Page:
DUBLIN: The death toll from COVID-19 has risen to more than 2,000 in Ireland. The Department of Health yesterday confirmed 12 additional deaths related to the coronavirus, taking the total number of fatalities to 2,006.

A further 379 new COVID-19 cases have been reported in the country bringing the total number of confirmed cases to 69,058.

Health Minister Stephen Donnelly said it is sad and worrying that more than 2,000 people have died of coronavirus in Ireland. Minister Donnelly said this is a time to reflect and to acknowledge the huge loss of life that the virus has caused.

“Our thoughts and prayers and sympathies are with all of the families, friends and colleagues of everyone who has died. Not only have we lost now more than 2,000 people to COVID but families and friends have not been able to mourn in the way we normally would. So it’s been even more difficult for so many people right around the country,” said Health Minister.

However, he said there was a huge drop in the number of deaths due to COVID-19 in the second wave. This is good news, and there’s hope, he added.

Of the cases notified yesterday:

● 203 are women, 174 are men

● Median age is 36

● 64% are aged under 45

● 116 cases confirmed in Dublin, 38 are in Donegal, 30 were confirmed in Meath, 27 in Cork, 22 in Limerick, 22 in Louth. The remaining 124 cases are spread across all other counties.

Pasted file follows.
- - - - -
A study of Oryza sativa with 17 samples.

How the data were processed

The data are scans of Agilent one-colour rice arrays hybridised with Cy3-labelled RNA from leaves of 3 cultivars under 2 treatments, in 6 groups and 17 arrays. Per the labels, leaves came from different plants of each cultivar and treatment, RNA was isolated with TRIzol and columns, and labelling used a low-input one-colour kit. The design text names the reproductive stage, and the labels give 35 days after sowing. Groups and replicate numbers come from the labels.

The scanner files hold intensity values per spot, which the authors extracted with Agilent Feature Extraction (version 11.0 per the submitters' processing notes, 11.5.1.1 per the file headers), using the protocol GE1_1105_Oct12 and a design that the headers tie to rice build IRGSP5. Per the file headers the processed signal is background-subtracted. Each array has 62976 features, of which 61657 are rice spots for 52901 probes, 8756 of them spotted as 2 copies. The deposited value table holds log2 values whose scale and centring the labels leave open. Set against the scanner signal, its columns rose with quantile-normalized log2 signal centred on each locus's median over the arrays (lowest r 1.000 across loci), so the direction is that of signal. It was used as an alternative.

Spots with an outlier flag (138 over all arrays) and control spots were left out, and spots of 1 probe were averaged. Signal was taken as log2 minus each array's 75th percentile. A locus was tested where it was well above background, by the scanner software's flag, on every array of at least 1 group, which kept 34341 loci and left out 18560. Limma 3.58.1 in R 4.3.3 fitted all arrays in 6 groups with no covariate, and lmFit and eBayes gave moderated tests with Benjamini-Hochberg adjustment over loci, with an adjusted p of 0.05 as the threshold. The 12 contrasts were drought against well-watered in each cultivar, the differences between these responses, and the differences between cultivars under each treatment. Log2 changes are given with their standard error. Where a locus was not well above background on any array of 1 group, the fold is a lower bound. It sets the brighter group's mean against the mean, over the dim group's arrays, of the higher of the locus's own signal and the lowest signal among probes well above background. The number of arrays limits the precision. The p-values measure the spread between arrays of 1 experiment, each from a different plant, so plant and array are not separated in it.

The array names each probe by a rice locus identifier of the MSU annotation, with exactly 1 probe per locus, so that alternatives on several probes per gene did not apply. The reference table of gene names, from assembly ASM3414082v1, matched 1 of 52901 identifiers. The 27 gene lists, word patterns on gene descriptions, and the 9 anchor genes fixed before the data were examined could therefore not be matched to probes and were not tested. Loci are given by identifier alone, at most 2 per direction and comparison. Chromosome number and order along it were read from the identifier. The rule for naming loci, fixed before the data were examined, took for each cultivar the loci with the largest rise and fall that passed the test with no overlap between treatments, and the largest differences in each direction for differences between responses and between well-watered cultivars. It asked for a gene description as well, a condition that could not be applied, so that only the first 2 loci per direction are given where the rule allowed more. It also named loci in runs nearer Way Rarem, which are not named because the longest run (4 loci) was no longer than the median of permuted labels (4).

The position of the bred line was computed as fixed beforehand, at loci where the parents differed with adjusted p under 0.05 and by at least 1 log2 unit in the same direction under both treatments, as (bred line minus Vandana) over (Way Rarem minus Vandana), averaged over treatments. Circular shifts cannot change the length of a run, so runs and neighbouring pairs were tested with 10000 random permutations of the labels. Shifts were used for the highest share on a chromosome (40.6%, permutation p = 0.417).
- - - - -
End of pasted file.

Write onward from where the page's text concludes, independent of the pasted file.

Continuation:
Health officials said that 282 people were hospitalised with COVID-19, a rise of 10 on yesterday. An additional 24 patients were hospitalised in the last 24 hours.

It is reported that the number of people in intensive care units has dropped from 34 yesterday to 33 today.

The 14-day incidence rate is 119.9 per 100,000 population, which has remained unchanged since yesterday.

“We are learning more and more about this virus, our clinicians are getting better and better at treating people who contract COVID. There are some very hopeful vaccines coming and they seem to be coming early next year,” Minister Donnelly said.

Chief Medical Officer Dr. Tony Holohan said it is important that people work together to eliminate the virus.

“Today we sadly report over 2,000 deaths associated with Covid-19 to date in this country. This pandemic has impacted, directly and indirectly, on families and communities all across Ireland”, CMO said. “For the next two weeks, work from home, stay at home and follow public health advice,” he added.

Meanwhile, Mr. Donnelly said, the next two weeks will be crucial in preventing the spread of COVID-19 and getting out of level 5 restrictions by the end November.